DARE TO SKIP DAREDEVIL
Note from Barbara: I have invited some of our Act One alumns to submit guest reviews. Primarily, so I can avoid having to see movies like Daredevil. Here is one written by Sean Domoachowski, Act One Chicago ’02. Thanks Sean! )
I wanted to like this movie. The last three movies I have seen were utterly dreadful, and I was hoping I would be transported and invigorated by a good, reliable comic book movie.
Alas, such was not to be the case. Daredevil lost me with the opening fight scene: it served no purpose to forward the plot, and the “villain” being pursued was a bit character. The only purpose of the fight scene was, well, to have a fight scene. It did nothing to get Daredevil out of the cinematic starting gates.
So, the movie lost me there. But it got worse. Eventually, the writers lose all credibility when they change the rules of the film’s arena for no reason except to show off some special effects. The film’s prologue establishes the story here as science-based, but then before long, the movie morphs into a Crouching Tiger, Hidden Dragon clone in which mere mortals start scaling buildings in single bounds. Either a film is science fiction or fantasy– you can’t have both.
Apart from its flaws in storytelling, Daredevil is very problematic in its themes particularly in its depiction of evil. Played with disturbing zest by Colin Farrell, the villain, Bullseye, is simply set up as “an assassin.” He has no compelling motivation for the dastardly deeds he performs throughout the film. And does he ever perform some dastardly deeds… Early on in the film, Bullseye kills two people in as many minutes BECAUSE THEY BOTHERED HIM. From one standpoint, this is simply sloppy and transparent storytelling, in which the filmmakers are just trying to quickly and indisputably establish how really BAD Bullseye is. But it is perplexing that there are no lessons to be learned in this character’s embrace of evil. There is no kernel of truth or insight for the viewers here. It turns us into voyeurs of depravity in a way that degrades us too.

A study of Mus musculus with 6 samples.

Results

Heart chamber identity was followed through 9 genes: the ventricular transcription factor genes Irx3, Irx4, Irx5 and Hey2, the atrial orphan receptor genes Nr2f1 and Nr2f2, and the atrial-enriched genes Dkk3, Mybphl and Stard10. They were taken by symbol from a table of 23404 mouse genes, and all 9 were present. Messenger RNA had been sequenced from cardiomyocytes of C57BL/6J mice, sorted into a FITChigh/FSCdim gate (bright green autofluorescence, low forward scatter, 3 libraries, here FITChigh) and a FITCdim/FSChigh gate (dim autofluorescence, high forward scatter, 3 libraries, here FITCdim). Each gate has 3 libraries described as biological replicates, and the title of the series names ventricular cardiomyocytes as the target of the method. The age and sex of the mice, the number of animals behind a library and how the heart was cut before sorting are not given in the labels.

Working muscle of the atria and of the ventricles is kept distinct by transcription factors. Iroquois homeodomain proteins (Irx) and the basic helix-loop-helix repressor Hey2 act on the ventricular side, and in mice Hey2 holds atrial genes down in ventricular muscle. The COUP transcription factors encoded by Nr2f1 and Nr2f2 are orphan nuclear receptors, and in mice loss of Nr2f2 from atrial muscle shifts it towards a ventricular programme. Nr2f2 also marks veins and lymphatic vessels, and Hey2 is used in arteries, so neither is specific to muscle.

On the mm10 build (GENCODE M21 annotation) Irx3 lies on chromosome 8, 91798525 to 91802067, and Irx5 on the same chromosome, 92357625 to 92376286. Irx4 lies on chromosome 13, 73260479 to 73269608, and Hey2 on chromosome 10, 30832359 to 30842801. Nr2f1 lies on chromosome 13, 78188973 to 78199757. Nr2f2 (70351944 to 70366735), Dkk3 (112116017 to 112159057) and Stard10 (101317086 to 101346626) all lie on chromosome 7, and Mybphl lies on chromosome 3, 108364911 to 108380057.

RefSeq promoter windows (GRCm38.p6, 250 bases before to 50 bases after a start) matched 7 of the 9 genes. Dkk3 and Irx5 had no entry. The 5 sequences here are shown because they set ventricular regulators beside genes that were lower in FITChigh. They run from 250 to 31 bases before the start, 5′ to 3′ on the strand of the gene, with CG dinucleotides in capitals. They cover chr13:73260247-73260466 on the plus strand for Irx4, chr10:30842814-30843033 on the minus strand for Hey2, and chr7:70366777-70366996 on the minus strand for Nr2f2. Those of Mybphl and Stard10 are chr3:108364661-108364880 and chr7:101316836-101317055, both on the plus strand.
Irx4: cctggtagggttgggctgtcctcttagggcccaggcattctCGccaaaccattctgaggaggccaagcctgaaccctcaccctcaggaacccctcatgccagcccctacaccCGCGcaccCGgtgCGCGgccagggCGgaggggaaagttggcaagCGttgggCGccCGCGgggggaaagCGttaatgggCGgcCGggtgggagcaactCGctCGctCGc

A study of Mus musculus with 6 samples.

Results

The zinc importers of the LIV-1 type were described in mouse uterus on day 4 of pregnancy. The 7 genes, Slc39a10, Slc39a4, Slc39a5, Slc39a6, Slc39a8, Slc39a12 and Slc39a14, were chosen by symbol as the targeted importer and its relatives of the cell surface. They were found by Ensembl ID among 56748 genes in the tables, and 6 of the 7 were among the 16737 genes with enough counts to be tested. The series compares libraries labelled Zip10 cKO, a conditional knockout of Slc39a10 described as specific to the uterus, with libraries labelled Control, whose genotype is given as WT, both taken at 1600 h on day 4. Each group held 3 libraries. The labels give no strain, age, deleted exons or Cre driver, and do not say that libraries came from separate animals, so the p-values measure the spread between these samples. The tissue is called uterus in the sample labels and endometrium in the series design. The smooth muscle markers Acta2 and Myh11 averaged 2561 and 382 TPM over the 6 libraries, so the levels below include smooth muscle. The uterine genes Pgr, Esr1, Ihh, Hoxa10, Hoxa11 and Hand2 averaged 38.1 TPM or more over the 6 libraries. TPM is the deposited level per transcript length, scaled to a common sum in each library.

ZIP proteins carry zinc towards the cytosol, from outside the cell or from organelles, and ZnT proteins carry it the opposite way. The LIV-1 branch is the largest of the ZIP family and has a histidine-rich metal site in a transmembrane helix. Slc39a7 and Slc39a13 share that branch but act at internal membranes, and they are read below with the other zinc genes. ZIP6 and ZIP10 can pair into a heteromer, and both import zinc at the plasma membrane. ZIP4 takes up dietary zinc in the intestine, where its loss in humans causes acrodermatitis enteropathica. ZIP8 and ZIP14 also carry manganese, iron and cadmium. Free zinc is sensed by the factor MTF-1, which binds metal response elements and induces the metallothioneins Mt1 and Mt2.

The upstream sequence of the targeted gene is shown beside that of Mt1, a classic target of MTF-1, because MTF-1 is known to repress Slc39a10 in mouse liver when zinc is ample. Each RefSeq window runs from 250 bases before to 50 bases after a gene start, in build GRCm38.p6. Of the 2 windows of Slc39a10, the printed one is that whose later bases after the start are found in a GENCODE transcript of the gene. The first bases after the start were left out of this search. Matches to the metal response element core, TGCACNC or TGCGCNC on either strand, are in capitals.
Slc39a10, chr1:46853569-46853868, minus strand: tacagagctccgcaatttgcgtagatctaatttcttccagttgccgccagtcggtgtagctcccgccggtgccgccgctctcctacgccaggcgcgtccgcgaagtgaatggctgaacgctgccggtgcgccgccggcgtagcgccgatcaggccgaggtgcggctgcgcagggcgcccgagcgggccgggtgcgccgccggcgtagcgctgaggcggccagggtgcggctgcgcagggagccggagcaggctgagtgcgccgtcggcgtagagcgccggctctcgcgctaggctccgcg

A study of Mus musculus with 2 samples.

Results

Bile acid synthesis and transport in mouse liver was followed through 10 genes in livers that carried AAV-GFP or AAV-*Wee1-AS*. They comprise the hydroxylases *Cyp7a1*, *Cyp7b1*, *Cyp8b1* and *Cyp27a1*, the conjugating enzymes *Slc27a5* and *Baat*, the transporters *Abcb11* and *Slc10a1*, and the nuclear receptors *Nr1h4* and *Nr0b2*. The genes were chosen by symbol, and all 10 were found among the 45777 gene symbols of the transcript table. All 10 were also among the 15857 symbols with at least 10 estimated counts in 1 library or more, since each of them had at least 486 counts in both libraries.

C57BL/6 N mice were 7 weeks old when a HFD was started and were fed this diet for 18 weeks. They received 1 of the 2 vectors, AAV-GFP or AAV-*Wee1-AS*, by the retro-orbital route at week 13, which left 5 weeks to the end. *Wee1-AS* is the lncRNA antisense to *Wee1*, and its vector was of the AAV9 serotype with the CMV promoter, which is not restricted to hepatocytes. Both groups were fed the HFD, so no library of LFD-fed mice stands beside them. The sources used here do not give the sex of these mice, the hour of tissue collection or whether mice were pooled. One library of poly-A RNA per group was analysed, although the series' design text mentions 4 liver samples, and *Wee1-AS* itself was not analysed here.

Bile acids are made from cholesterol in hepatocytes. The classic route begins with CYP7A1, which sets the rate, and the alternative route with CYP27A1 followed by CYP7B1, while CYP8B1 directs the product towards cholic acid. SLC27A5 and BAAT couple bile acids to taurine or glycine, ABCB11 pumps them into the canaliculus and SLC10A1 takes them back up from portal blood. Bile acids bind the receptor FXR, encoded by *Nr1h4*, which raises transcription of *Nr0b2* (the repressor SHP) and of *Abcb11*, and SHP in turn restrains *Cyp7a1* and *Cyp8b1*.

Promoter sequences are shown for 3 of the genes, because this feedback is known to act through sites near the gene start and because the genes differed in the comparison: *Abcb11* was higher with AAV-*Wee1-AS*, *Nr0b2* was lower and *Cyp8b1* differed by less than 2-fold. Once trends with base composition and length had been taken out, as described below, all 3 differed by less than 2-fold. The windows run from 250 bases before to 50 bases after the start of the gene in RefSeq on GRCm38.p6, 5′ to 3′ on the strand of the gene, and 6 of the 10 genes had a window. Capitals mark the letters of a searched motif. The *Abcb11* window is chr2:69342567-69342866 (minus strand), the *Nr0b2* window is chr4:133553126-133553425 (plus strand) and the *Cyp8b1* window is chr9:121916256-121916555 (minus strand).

The 1980 comic book film, Superman is now a classic, largely because of the moral dilemma that the villain Lex Luthor incites in our hero, Superman. Lex’s misdeeds force Superman to choose between goods, and ultimately drive Superman to break his father’s commandment never to interfere with human history. The film is very much a teaching moment for the man in royal blue tights, and the viewers through him.
Daredevil is particularly troubling because of its exploitive victimization of female characters. Towards the end of the film, Electra, played by Jennifer Garner is killed by Bullseye, in a revoltingly misogynistic and cruel way. Actor Colin Farrell makes his character’s terrible cruelty to women look positively fun. (Besides Elektra, he murders an old lady on an airplane by flicking a peanut into her throat. No, really!) The amused grunts coming from the teenage boys in the row behind me told me everything I needed to know about whether this violence was having a bad effect or not.
Hence, Daredevil panders to the worst inclinations of the largely young, male audience for whom it was created. There is a reason the Old Testament tells us to care for widows. Men have have been infected with the evil tendency to degrade and dominate women since the fall. This manifests itself in men as a dismissal of the value and integrity of women; to see them as good only insofar as they can be used – be it as sexual object, mother of progeny, servant, or whatever. This sin is so ingrained, that God has to remind us to care for widows. So, when a movie has the villain kill an overly talkative old lady, simply because he was peeved by her, and then the audience laughs, I GET UPSET. And so should you. And I’m repeating myself here, but the murder of Elektra was just pornographically violent.
There was, furthermore, no resulting catharsis for the hero in Elektra’s death. There is no mourning over her lifeless body. Daredevil, having been severely injured, all of a sudden picks himself up and offs the two villains. Both of the following sequences are absurd. Bullseye gets a pseudo-stigmata in a Catholic church’s choir loft, and the “real” villain, “Kingpin”, sends all his goons home so he can personally teach Daredevil (seriously wounded, mind you) a lesson. Our hero then vanquishes the ineffectual “real” villain with relative ease. So the true villain is merely a mobster who outsources his crimes to cheeky Irish charlatans– oops, sorry, I’m mixing up the actor with the character.
So, all comic book movies are NOT created equal. Spare yourselves and your kids the degradation of Daredevil. Go rent Spiderman instead, which has well developed themes of self-sacrifice and treats women much better. Daredevil is just bad. Very bad.